How to train your cat to use a cat flap
90% of cats in the UK have access to the outdoors. When a safe outdoor environment is available it can be enormously enriching to a cat's life. It provides sensory stimulation and increased opportunity for exercise so it is both mentally and physically beneficial.
However, leaving a window or door open is not ideal from a security perspective and can be a nuisance in certain weather, so cat flaps are very popular. Bold and adventurous cats take to them easily, but timid characters can struggle to get the hang of them.
If you are considering getting one, we've got you covered with our top tips for training your cat to use a cat flap.
1. Safety first
For their own safety, cats should not be allowed outside until they have been microchipped, fully vaccinated and sterilised.
Microchipping is becoming a legal requirement for all owned cats in the UK. A microchip will help you to find your cat if it gets lost and taken to a vet or shelter. Take a look at our guide to microchipping your cat.
Vaccinations help to prevent the spread of contagious diseases, and you can find out more in our blog on why cat vaccinations are important.
Sterilisation prevents unwanted pregnancies as well as the excessive roaming that happens when cats look for mates. Sterilisation also decreases the risk of your cat being involved in a fight. In our blog on spaying and neutering your cat, you can find out more about what to consider.
Usually all of this should have been done by around six months of age. Initially, it's advisable to only allow your cat outside for short periods while they get their bearings and become used to the sounds and smells. It's important to train your cat to come when called: try using a specific call only at feeding time or for treats so that it can be relied upon for recall.
2. Choose the type of cat flap that works for your household
There are many brands and types of cat flaps on the market. The simplest is a manual flap that can be pushed open. More complex types will only open when activated by your cat's microchip or a magnet on your cat's collar. These prevent other cats in the neighbourhood from intruding – which is very useful to keep random cats from eating all your KatKin!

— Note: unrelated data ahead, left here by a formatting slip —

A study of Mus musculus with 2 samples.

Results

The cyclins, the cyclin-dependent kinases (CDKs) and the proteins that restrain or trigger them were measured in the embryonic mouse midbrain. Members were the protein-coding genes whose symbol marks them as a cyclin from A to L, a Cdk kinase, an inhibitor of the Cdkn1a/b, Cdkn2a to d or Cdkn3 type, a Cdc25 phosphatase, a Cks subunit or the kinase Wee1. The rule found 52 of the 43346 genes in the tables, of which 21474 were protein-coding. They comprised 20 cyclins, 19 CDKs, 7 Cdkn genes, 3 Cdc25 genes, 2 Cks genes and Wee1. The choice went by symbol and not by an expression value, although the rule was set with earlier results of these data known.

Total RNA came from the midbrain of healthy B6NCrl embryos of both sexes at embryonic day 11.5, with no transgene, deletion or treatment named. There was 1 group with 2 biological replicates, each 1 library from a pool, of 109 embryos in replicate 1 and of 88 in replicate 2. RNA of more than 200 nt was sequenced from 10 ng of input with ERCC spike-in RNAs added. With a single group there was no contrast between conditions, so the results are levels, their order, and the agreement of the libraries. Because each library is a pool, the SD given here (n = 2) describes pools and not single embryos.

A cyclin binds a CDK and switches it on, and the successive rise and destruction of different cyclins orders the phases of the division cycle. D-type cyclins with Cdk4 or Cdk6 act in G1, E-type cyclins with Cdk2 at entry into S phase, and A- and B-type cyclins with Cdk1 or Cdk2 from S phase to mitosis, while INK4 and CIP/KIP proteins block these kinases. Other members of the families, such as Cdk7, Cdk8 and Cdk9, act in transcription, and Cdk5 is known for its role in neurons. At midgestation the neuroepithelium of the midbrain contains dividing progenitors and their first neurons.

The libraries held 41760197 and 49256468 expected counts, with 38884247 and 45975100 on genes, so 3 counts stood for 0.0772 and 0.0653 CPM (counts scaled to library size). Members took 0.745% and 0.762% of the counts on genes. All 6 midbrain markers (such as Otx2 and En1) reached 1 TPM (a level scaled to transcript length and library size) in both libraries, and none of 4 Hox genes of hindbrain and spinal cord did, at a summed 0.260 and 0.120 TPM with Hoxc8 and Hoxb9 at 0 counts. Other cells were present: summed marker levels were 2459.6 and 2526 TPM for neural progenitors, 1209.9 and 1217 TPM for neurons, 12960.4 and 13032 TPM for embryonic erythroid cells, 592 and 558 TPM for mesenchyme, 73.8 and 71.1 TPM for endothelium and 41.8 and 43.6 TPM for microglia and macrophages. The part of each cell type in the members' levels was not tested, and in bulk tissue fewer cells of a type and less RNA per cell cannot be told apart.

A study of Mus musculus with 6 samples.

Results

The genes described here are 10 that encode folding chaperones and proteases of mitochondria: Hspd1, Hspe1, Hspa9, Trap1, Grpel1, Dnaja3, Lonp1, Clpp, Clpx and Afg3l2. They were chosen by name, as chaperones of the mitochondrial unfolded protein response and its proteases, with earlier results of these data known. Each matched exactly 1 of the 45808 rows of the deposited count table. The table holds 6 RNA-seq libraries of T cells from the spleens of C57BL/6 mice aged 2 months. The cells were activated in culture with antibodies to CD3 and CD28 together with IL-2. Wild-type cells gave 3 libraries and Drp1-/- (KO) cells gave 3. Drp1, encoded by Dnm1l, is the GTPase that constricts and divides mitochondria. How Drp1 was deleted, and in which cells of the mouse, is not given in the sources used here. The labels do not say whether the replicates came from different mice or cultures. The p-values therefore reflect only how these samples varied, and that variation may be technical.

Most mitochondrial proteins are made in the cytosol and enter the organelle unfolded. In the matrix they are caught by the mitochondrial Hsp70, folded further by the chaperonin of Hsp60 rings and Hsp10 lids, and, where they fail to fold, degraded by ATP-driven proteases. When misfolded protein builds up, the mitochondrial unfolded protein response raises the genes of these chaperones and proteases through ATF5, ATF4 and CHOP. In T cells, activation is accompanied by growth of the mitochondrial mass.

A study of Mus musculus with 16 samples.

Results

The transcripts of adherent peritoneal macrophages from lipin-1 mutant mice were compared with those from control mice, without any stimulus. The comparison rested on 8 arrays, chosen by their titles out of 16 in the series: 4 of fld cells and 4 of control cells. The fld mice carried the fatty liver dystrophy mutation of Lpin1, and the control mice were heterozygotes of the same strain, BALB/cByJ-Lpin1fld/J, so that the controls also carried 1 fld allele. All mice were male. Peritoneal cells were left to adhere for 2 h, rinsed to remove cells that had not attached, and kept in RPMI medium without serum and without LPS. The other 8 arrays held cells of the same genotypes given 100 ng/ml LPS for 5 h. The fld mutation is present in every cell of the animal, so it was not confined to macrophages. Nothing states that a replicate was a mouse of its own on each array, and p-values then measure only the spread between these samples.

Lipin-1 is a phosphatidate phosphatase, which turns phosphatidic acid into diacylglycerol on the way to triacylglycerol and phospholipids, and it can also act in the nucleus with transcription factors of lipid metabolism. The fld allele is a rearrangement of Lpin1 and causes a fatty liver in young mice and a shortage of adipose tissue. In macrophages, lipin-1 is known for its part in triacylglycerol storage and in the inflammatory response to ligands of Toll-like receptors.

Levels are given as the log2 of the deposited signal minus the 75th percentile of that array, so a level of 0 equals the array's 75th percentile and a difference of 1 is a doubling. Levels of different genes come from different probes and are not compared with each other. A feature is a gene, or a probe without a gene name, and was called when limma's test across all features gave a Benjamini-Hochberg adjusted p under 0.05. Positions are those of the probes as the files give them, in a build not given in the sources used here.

If you are away from home a lot then the microchip-activated flap is preferable, as collars can get lost and then your cat could get stuck outside.
3. Let your cat get to know the cat flap
If possible, allow your cat to engage with the flap before it's installed. This makes a big difference with nervous cats because they can get comfortable with the flap before having to venture outside. It also make it easier for cats to see the flap as a portal, before it is installed into a door or wall which they understood as a fixed boundary.
4. Make sure the cat flap is comfortable and feels secure to your cat
The cat flap must be positioned at the appropriate height for your cat. This is with the bottom of the flap at the level of their belly from the ground.
A common mistake is to install the flap so that it enters or exits into a space that is very exposed. This can be intimidating for cats because they feel vulnerable when using the flap. Positioning furniture or plants near or around the flap provides shelter and helps cats feel protected.
5. Be persuasive
Some cats need more convincing than others. Keeping the flap open initially is very encouraging and helps cats to gain confidence by going through without restriction. Treats (specifically Nibbles!) also work a special kind of magic, so be sure to offer rewards for using the flap.
If you have an especially nervous cat who won't go near it, then you can try marking it with their scent, by rubbing a cloth over their face and then onto the flap. You can also use artificial pheromones such as Feliway spray to make it seem more familiar.
Cat flaps are a really handy way of allowing your cat to move freely without compromising security – or putting extra strain on your central heating. Our tips should give you everything you need to train your cat into a black belt flapper (yes, we’ve just coined that term) but if you have any more questions, you're welcome to pop us a question on firstname.lastname@example.org – our team of vets and cat-loving experts are always happy to help.
If you'd like advice on which type of cat flap to buy, you can also get in touch with the KatKin community to share their thoughts on our Facebook Club House. It's a supportive space where we share experience and talk about all things cat!